HEARTS striker John Sutton has first-hand knowledge of the talent available at Tottenham Hotspur - as a trainee there a decade ago he could not even hold down a place in the reserve team.
Although that was no disgrace at a time when the likes of Sergei Rebrov and Les Ferdinand were playing for the Spurs second string, it does hint at the gulf in quality between the London club and Hearts, who meet in the first leg of their Europa League play-off tie at Tynecastle on Thursday.
Sutton, however, reckons that Scottish football can at times be too self-critical, especially when it comes to comparisons with English opposition. "Not everyone, but Scottish people tend to be quite pessimistic, whereas the English press seem to be optimistic," the striker said after scoring his first goals as a Hearts player in Saturday's 3-0 win against Aberdeen. "It's going to be incredibly difficult for us to get a result against them, (but] it ends up as 11 bodies against 11 bodies.
"If it was Celtic or Rangers I don't think anyone would expect them to get hammered - they've acquitted themselves very well in Europe. It's difficult for us because apart from possibly this match we haven't really played in a good rhythm, and there has been change at the club. But it's 11 against 11, we've got a fantastic crowd behind us, and there's no reason we shouldn't give a good account of ourselves."
Conventional wisdom is that players who return to a club which has let them go have a point to prove, with many nurturing a sense of grievance about the way they were treated. Sutton, however, knows his own career only really took off after leaving White Hart Lane,and even at the time did not see his release as a blow.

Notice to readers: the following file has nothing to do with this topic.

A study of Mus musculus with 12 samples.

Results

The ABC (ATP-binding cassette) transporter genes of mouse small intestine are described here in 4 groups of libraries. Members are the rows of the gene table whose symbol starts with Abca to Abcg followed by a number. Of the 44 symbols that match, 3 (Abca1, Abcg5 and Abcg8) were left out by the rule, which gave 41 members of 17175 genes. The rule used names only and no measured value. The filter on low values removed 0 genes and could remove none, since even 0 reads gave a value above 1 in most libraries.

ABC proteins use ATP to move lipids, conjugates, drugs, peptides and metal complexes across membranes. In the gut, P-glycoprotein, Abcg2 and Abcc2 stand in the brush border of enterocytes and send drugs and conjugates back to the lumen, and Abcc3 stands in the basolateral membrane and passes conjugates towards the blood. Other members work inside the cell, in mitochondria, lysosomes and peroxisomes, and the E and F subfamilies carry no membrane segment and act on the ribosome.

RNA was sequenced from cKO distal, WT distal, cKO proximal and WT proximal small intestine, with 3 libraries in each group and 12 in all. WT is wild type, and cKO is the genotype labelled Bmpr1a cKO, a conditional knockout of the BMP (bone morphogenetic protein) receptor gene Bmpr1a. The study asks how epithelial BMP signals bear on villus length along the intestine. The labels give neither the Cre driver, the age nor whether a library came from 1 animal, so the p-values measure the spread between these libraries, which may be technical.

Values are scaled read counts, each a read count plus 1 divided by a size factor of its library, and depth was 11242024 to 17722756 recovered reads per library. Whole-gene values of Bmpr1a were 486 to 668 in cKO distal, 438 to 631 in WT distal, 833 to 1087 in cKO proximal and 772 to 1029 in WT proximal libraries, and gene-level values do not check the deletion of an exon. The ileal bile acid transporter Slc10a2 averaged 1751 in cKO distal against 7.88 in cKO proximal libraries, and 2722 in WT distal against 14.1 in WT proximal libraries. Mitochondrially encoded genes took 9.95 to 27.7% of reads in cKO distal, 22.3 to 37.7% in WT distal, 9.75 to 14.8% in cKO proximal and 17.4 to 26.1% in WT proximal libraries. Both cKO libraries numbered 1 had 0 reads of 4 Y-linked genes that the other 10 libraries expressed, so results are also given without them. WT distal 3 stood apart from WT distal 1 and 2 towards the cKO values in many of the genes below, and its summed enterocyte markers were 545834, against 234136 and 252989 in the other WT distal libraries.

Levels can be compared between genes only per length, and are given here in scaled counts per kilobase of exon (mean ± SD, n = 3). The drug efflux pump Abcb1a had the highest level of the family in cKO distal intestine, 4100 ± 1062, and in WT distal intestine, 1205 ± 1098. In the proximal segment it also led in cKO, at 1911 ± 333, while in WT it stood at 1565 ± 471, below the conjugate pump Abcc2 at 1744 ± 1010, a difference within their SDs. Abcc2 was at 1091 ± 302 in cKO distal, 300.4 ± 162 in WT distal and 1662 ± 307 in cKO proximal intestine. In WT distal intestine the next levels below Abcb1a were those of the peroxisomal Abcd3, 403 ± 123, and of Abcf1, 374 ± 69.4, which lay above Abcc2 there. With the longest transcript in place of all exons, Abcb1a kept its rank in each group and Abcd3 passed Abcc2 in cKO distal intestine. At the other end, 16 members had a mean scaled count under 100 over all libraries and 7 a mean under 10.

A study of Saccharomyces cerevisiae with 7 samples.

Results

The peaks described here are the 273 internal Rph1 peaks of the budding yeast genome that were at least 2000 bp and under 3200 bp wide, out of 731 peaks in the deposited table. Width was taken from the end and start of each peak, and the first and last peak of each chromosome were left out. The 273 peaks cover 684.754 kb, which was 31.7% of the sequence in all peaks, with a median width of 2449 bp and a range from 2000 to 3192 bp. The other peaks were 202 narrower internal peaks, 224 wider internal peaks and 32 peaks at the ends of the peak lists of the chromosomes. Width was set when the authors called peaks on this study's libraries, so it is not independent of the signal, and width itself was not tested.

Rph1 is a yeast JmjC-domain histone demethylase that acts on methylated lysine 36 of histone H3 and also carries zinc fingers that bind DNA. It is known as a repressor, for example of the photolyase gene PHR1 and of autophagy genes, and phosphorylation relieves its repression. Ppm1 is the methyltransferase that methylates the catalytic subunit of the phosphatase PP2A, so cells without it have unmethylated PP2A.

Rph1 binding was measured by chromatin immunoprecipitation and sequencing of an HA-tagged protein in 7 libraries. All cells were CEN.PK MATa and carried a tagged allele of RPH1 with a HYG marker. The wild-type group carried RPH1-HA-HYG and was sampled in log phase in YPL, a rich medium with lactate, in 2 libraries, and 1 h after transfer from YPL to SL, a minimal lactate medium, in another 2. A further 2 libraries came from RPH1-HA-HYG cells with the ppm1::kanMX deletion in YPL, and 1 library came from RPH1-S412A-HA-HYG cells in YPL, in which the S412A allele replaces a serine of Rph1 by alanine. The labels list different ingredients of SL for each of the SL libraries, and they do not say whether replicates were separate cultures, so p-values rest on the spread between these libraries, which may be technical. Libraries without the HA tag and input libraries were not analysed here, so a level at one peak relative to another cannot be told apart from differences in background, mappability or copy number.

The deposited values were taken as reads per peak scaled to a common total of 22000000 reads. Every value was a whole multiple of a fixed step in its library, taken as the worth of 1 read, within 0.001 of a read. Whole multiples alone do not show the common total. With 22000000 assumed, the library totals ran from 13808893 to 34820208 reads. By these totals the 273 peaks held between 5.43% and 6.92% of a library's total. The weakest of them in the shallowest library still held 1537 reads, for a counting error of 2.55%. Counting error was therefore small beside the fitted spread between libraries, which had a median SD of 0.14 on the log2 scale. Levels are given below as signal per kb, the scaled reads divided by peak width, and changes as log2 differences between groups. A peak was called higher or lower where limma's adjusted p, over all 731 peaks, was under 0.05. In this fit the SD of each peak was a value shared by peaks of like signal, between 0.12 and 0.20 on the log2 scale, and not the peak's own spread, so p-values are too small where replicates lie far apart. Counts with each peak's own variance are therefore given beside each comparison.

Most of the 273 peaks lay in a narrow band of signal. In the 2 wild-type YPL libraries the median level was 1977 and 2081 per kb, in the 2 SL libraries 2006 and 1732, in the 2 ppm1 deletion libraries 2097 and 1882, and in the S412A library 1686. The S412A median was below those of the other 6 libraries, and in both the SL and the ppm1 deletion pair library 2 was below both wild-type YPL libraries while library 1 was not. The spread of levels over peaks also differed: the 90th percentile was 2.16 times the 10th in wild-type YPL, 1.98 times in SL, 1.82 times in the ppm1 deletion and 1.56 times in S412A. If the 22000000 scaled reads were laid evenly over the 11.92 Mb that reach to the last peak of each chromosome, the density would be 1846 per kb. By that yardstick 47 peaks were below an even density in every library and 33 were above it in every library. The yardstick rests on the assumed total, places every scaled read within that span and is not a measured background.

"I was actually quite excited," he remembered. "I was trying to play in a reserve team where Rebrov and Ferdinand were playing. I wanted to get out and get playing in proper football. I found it disheartening - I'd scored a lot of goals for the youth team and I scored a couple for the reserves as well, but there didn't seem to be any way through. So in many ways it was a little bit of a relief to leave there and try and make a name for myself." He will certainly make a name for himself beyond the confines of the SPL if he scores either on Thursday or in the return leg a week later, and knows that when he travels to London with the Hearts squad there will not be too many home supporters who know he used to play for their club. "I played under George Graham then Glenn Hoddle. There were just so many players there - I would doubt they would remember me very well. At the time I didn't appreciate how good it probably was for me."